However, Devaux was NOT the first person claiming to be a ghost hunter to actually fire a weapon at a ghost. In fact, since the mid 1800's, that trope pops up quite a bit in ghost lore, including being a staple in plenty of stories from around the tri-state area. I'm not sure why, but for nearly 200 years people have thought that a bullet could stop a ghost. And so, they continuing firing at them...just like another young man from Point Pleasant, WV did back in 1886.
In an article from the Weekly Register, dated 24 November 1886, the story of Richard Edwards versus his neighbor and a bag of flour is told.
Apparently, Richard Edwards was living with his father David on what was then known as Front Street. (From census records, it appears Richard would have been in his early 20s at the time.) The family was living in the historic Roseberry Estate, a home built by Thomas Lewis, Jr. in 1815 and which is still standing today. Also living in another section of the home was a family by the name of Anguish.
|Roseberry Plantation. Source: Pt. Pleasant Register|
As the story goes, Richard was out one Friday evening watching for ghosts. It was said he believed that the nearby property of the late Dr. Samuel G. Shaw was haunted and apparently he needed his revolver to help prove it. Unfortunately, as Richard was making his vigil, Old Man Anguish was coming home from town carrying a sack of flour. As he crossed the street and approached the side gate to gain entry to his side of the home, Richard shot him in the abdomen. The bullet didn't make direct contact, but instead left a painful, albeit non-deadly wound. Richard claimed that the white flour sack resembled a ghost coming up the dark street, and that's why he fired. Mr. Anguish claimed that when he realized the boy had a gun, he called out to him not to shoot him, and then actually grappled with him after he was shot. When Mr. Anguish asked Richard why he had shot him, the boy stuck to his assertion that he was a ghost.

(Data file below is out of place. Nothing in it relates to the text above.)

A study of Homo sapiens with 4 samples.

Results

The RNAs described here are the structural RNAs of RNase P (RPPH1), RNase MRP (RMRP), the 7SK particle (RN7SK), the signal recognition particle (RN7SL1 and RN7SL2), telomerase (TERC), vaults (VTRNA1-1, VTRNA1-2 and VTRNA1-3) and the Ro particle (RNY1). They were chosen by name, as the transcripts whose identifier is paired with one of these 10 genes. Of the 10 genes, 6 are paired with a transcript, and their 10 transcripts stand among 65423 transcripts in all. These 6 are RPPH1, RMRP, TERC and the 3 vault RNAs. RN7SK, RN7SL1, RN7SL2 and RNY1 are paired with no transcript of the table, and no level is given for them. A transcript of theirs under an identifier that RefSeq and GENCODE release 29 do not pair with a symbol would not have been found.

Unfortunately, I couldn't find any follow-up articles for this story. Was Richard ever arrested...or perhaps even committed? He does show up in later genealogical records and appears he died fairly young, never having been married. And what of Old Man Anguish? Did he fully recover from his wounds? But what I REALLY want to know is...why was the Dr. Shaw property thought to be haunted? Was this a locally accepted fact, or simply all in the head of a mentally unstable young man? Dr. Shaw, who had died the previous year, was a highly respected early citizen and medical doctor of the Pt. Pleasant area. Did his ghost (or that of someone else) haunt the old property back in 1886, and if so, could the area still be haunted??
This article can be read in full from the free newspaper archive site, Chronicling America.